Spawning steelhead and egg Care

Bill Nyara

Manager

South Santiam Fish Hatchery

For the crew at South Santiam Hatchery, winter means summer steelhead spawning and egg care. Along with the normal, routine tasks (fish feeding, pond cleaning, maintenance, etc.), the crew conducts spawning operations on one day, every other week.

From late December through early February, 500 female and 500 male steelhead are spawned at the hatchery. These are the fish that were collected all summer long at the trap at Foster Dam. They’ve been held in the holding pond at the hatchery until they matured or ripened.

The water level in the pond is lowered so that the fish can be crowded to one end, netted, and anesthetized in a large tub. The females are checked for ripeness by gently squeezing their bellies. If the female is ripe, the eggs are loose and a few will squirt out when squeezed. These ripe females are placed in live boxes at about 75 fish per box. Once all of the females in the pond have been sorted like this, the actual spawning operation begins.

The ripe females are removed from the live box, quickly killed, and placed in a rack. The tail of each female is cut to bleed the fish and reduce the amount of blood in the eggs. The eggs (about 3,500 in each fish) fall into a bucket as the belly of the fish in cut open. Males are gathered from the opposite side of the pond during this process. Milt from each male is collected in a separate cup. The eggs from each female are then fertilized with this cup of milt. This results in a one to one spawning ratio and provides good genetic variability in the offspring.

Ovarian fluid from each female and milt samples from each male are taken to OSU for virus screening. Each bucket of eggs is tracked by sample number. In about a week, results from these samples determine if either parent carried the virus. Each bucket of fertilized eggs is poured into an incubator tray. The trays are also labeled to coincide with the virus sampling. Eggs from positive parents can’t be utilized as freely as negative eggs. Often times, positive eggs are destroyed as surplus to program needs. There are always more eggs taken each season than is necessary in anticipation of some being from virus-positive parents.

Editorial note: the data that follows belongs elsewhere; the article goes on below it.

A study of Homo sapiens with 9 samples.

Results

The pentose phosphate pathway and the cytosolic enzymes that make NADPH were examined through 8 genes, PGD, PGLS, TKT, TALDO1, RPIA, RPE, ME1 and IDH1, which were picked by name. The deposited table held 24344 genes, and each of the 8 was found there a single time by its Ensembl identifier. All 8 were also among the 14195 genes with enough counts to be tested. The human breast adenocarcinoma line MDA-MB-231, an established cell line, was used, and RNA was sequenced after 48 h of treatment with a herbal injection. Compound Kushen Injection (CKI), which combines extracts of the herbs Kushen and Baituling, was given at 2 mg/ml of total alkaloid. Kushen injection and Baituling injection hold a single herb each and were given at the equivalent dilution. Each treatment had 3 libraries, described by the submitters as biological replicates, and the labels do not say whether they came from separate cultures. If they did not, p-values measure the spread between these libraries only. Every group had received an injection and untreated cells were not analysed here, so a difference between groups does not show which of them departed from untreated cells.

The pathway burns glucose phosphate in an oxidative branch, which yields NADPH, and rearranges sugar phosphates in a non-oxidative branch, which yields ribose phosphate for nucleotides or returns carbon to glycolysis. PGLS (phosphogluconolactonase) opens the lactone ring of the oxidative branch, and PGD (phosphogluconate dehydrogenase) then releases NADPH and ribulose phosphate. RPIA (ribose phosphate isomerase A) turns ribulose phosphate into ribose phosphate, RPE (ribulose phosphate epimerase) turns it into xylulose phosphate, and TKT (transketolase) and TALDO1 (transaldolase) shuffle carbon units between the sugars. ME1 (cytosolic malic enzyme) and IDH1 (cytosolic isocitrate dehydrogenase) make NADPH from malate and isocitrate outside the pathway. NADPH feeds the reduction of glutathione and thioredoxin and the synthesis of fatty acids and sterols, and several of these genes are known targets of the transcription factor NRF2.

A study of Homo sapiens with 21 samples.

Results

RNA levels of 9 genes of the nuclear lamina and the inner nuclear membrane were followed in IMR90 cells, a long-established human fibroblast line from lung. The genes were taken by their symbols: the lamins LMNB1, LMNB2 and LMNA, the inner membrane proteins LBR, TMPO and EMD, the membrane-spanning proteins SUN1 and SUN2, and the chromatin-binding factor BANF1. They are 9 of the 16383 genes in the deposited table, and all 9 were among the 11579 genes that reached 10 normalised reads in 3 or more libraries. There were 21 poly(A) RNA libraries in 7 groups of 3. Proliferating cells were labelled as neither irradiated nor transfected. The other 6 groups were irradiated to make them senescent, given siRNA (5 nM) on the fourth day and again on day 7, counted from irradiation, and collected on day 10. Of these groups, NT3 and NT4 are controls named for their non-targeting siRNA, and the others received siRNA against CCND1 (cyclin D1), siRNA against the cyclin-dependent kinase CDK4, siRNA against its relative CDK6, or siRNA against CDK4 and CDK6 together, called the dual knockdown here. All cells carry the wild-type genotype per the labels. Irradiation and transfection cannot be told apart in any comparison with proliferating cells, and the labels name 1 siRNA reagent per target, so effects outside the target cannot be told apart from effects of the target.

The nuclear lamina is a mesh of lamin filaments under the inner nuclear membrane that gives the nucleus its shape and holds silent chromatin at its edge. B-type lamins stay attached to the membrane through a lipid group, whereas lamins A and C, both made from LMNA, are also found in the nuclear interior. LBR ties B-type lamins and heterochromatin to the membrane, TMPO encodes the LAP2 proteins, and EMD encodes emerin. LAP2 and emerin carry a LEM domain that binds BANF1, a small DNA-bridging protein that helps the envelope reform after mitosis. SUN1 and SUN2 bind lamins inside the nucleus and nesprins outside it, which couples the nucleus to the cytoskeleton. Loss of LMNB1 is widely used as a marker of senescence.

A constant flow of fresh water travels through the stack of trays. The eggs stay in these incubator stacks, undisturbed, as the embryos slowly develop. The speed of development is directly related to the temperature of the incubation water. The safe range for incubation water temperature is 33 to about 60 degrees. The warmer the water, the faster the eggs develop. The typical temperature range of the hatchery’s water is 40- 45 degrees during the winter. Since the development of the eggs is temperature dependant, eggs from a later spawning can be “accelerated” by incubating them in warmer water. This is possible with the use of well water. By using 56 degree well water, eggs that are fertilized two weeks from now can easily catch up to the same stage of development as those fertilized today.

Once the eggs develop to the “eyed stage”, they can be handled. This is when the embryos have developed to the point that their large, black eyes are clearly visible in each egg. This is when the work really begins. The hatchery incubates almost two million summer steelhead eggs annually.

Next week, I’ll explain how the hatchery picks, counts and ships the eggs to other fish hatcheries.